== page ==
The word “deontology” is derived from the Greek word “deon” meaning “duty”. Deontological theories, therefore, argue that there are some moral duties, which we absolutely have to obey and there are some actions that we must never perform. Deontologists believe that we have to act according to our duty and that a person's behaviour can be wrong even if it brings about a good outcome. Deontologists also argue that one is not required to take every opportunity to promote the general good and that sometimes promoting the general good is bad if it violates the dignity of another person. A deontologist would argue that it would be wrong to have let a plane headed towards the Twin Towers on September the 11th 2001 purposely crash into land even though by doing so it would have saved thousands of lives of the people working in one of those towers. It is obvious from outlining the deontological theory that deontological theories involve respect for the autonomy or self-governing of human beings. Deontologists would argue that in so far as I am autonomous, I should be free to define my own projects to some degree rather than having to do what is required for the promotion of the general good and therefore, in virtue of the autonomy of others, I am not free to treat them as means to an end, even if my purpose is to promote the general good. Deontologists argue that one can exercise a greater degree of autonomy if one has the moral space to do so. From the importance of autonomy, deontologists have deduced, as mentioned previously, that there are some absolute prohibitions, for example, the murdering of the innocent because that action involves subjecting another human being to your will.
The concept of duty can be quite confusing. Duties can be concerned with individual acts or with rules and an individual act cannot necessarily become a rule. Duties can also conflict with each other, such as the duty not to steal and the duty to care for your family. If you are poor, your family is starving and you know that the only option in order to give them some food is to steal, your two duties collide head on. To overcome this, you could argue that your duty to care for your family does not extend to actually stealing for them
Immanuel Kant's deontological theory is probably the most well known and influential. Kant distinguished moral oughts from non-moral oughts and argued that moral oughts have a distinctive character because they are categorical and provide us with a reason for an action no matter what our desires or our wants may be, hence they can not be set aside. From this, Kant created the categorical imperative which is an unconditional ought to promote human reason and freedom. He argued that moral oughts apply no matter what the circumstances are and that they are bound up in reason, not in cause and effect.
Kant also created the hypothetical imperative; a non-moral ought, which will not be binding on someone unless certain conditions are met, for example, watching a film. Non-moral oughts only apply if you have relevant desires or wants, hence they can be cancelled and they have to do with an “if clause”. For example, if you are interested in cricket, you will go and see your cricket team play. There is a condition implied, such as liking cricket, and you are subject to an ought. Whereas, a moral ought, such as saving the life of a child, is binding, even if your desires or your wants do not extend, you cannot ignore it and it is not related to our psychological state.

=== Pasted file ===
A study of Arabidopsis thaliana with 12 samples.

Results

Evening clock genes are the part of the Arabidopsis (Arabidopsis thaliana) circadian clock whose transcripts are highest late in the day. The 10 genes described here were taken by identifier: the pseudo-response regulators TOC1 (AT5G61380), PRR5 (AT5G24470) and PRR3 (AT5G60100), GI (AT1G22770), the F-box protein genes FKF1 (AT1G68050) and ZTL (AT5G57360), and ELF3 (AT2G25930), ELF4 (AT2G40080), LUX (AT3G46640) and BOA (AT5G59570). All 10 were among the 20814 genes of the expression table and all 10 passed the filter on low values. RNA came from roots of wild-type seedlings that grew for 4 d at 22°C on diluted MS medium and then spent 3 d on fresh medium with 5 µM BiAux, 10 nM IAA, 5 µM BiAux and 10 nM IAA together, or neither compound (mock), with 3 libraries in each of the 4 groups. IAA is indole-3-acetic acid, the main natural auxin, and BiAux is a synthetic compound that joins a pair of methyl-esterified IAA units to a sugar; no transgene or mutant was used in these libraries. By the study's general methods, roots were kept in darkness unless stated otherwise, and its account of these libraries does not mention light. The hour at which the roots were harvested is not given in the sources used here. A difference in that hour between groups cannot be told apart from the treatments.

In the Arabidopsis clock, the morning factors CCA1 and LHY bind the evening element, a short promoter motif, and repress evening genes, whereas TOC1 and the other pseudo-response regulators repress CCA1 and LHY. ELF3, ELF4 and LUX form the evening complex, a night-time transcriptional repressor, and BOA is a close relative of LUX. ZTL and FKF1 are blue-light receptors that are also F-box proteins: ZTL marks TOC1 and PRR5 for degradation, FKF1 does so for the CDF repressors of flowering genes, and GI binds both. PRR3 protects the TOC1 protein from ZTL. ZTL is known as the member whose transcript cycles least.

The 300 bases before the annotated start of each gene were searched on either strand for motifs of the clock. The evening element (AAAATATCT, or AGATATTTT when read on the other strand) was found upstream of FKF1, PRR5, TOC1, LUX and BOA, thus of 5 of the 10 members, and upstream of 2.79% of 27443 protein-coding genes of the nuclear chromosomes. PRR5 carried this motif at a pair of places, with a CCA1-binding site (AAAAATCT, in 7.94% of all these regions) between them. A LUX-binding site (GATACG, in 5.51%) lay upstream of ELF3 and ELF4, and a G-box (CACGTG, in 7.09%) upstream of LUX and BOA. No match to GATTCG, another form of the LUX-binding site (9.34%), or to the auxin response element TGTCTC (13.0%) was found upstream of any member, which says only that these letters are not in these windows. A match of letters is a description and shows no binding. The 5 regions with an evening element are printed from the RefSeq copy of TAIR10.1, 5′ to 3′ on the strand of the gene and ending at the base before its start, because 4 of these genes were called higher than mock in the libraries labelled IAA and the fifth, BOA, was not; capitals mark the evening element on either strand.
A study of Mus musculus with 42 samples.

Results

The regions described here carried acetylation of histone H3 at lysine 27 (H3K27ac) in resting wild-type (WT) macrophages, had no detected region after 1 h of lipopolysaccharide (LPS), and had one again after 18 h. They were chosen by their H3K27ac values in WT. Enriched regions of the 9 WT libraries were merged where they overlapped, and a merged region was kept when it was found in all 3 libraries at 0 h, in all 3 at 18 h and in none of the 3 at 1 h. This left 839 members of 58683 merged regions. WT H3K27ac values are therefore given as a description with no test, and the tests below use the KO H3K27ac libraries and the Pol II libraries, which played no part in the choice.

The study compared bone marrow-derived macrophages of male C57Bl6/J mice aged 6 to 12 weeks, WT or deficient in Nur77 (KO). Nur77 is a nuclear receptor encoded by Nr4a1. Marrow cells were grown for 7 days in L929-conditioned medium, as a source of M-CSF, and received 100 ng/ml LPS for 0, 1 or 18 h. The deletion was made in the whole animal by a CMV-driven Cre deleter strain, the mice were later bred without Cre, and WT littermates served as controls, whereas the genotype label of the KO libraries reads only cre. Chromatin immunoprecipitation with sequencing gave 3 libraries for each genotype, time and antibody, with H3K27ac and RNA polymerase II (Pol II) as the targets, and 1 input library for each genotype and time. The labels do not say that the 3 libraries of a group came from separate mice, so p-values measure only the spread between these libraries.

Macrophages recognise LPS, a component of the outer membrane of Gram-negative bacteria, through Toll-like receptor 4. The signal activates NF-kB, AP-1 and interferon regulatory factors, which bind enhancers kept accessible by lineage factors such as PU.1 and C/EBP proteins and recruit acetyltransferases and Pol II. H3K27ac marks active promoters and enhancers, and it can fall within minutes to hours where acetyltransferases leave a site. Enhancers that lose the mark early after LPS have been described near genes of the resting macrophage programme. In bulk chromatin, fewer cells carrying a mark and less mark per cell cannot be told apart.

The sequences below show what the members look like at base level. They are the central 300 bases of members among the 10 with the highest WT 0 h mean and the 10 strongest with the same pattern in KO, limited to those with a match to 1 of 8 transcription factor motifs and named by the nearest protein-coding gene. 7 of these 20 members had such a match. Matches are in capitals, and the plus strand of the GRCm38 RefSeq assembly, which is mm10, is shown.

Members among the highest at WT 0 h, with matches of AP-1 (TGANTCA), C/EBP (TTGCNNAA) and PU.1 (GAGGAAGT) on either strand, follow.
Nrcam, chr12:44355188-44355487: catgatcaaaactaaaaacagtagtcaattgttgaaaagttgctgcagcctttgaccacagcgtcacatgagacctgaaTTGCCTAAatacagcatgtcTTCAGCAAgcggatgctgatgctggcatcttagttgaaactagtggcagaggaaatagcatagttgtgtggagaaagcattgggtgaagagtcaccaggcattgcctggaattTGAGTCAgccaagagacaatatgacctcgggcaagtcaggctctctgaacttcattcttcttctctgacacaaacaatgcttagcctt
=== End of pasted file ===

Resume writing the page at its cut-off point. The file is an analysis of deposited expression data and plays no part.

Kant had a “dual-aspect” conception of human beings, arguing that we are embodied creatures and we are subject to motivations by desire. We are also motivated morally which Kant thinks is grounded in reason. Therefore, he believed we have two drives in life, which are inclinations and moral motivation and the two sources of motivation come from desire and reason. He spoke about our noumenal self that is the fundamental self not caught up in the realm of instinct because we can recognise and be motivated by duty.
Kant asks how reason alone can tell us what to do. Again he answered this by stating that the categorical imperative is the requirement to do your duty and it can be described in two ways. Firstly, the maxim is the generalization of your intention. He said, “I am never to act otherwise than so that I could also will that my maxim should become a universal law.” For example, if someone on a bus will not pay the fine, someone else may ask, “what would happen if everybody did that?” This means that you should act only in a way that you would be content if someone else did the same. Secondly, he said “So act a to treat humanity…in every case as an end and never as a means only.” This means that you must never use people to get what you desire because to use someone is to bend them to your purpose regardless of their own purpose.
Kant concluded that humans are worthy of respect because we have dignity in rationality and a capacity for autonomous action.
W.D Ross was writing in the 1930s and argued that duty is the key for understanding moral life, but he departs from Kant because he does not agree that various duties, such as keeping a promise, are absolutely binding. He believes that all duties can be over ridden by another duty if the context is right.
Some criticisms of the deontological approach are that it “tells us nothing about the content of moral obligation…it is not much help if we are trying to work out how we ought to live our lives.” Another criticism is that Kant's ideas are very rigid and strict, they do not allow for much leniency because of Kant's ideas about the moral oughts and keeping promises. This could mean that sometimes we will not do things that give good outcomes in order to keep a promise or not tell a lie. Others argue that Kant is overly optimistic about human nature and believing that we will always perform our duties to society.